MANDELA: DEFINING DECENCY
On Thursday, December 5, while I was on the overnight flight from New York to Johannesburg, former South African president Nelson Mandela died. When we landed in Johannesburg Friday morning, our South African pilot announced that this man of moral and historic stature was gone. As I looked at my fellow passengers, I noticed there was a brief pause, the space in time before emotions could manifest themselves. Blankness then edged into disbelief. A South African woman sitting behind me asked in a quiet voice, “What did he say?” When I repeated the news, she covered her mouth with her hand.
Although death has silenced Nelson Mandela, we will remember him as a man of language, influence, and action—the very antithesis of silence. He thought, he spoke, he wrote, and he acted on his convictions with the confident faith that moral force and human obstinacy could break injustice.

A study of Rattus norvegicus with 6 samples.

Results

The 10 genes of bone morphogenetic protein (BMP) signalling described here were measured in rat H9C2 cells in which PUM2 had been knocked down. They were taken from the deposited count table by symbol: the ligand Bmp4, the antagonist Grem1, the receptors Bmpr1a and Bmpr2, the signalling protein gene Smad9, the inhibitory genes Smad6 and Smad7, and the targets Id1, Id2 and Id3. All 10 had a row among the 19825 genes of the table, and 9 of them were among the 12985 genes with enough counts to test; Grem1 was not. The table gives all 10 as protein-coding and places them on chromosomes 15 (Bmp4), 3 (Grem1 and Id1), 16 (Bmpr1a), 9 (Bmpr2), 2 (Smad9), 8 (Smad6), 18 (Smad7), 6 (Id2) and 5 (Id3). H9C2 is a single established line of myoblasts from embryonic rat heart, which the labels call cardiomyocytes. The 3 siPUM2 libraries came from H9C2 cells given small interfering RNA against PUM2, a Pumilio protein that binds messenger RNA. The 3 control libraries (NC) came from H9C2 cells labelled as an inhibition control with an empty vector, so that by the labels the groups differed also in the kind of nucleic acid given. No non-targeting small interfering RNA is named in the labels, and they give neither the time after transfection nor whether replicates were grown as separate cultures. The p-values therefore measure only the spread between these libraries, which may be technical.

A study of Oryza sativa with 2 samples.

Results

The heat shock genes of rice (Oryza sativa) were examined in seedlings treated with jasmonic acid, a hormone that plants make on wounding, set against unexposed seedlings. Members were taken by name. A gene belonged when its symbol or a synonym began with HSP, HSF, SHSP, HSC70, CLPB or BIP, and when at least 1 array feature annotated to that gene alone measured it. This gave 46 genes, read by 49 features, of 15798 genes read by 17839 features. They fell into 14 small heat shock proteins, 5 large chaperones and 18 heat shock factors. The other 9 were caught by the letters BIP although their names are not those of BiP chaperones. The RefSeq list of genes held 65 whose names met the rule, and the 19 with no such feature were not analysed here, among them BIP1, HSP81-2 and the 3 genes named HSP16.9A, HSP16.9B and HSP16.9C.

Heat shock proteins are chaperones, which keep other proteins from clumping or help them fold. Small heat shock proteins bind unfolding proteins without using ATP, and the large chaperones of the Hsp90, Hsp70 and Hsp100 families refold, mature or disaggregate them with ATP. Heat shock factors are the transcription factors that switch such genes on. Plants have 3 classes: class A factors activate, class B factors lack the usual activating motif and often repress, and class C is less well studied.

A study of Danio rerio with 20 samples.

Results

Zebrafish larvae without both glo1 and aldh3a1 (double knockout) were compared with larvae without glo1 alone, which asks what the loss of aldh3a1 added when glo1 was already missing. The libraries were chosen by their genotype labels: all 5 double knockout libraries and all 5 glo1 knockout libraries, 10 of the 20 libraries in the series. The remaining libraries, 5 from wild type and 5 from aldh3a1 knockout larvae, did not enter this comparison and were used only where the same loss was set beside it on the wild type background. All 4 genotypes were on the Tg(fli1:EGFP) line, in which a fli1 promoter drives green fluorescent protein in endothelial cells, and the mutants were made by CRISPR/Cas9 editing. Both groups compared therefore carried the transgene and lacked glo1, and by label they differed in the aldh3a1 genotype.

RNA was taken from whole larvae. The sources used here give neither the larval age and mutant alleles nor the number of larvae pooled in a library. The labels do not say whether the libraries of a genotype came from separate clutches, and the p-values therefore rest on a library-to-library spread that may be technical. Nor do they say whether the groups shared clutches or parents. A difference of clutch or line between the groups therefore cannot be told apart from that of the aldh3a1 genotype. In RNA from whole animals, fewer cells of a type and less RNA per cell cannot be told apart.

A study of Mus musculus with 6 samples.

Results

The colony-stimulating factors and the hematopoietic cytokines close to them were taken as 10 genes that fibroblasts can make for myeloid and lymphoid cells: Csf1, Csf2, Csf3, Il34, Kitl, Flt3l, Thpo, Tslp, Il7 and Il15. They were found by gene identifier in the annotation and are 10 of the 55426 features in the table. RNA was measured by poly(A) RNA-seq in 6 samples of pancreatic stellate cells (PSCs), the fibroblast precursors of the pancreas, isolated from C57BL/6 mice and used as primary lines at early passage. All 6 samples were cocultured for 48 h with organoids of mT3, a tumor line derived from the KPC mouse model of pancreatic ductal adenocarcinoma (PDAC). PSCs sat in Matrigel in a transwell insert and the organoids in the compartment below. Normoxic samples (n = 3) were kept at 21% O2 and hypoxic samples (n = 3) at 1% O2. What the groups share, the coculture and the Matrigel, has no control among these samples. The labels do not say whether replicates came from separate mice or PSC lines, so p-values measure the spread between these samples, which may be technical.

The apartheid government in South Africa was a loathsome regime, and Nelson Mandela opposed it with moral clarity. After his release from prison in 1990 and election as president in 1994, he rose high above ordinary human emotions to personify reconciliation, forgiveness, and democratic ideals. He stood in stark contrast to the likes of Zimbabwe’s Robert Mugabe, who once opposed white minority rule and now clings to power, seeking vengeance against others.
Shut off from formal levers of power and silenced by an evil regime, Nelson Mandela grew stronger in the quiet of his prison cell. In his death, his vision for democracy and his capacity to forgive his persecutors is an example for others who today struggle against political oppression in places like China, North Korea, Russia, Cuba, Iran, and elsewhere. We must offer them our support so that they might become heirs to Mandela’s legacy and carry on his work.
Kent Patton is the editor of the Freedom Square blog.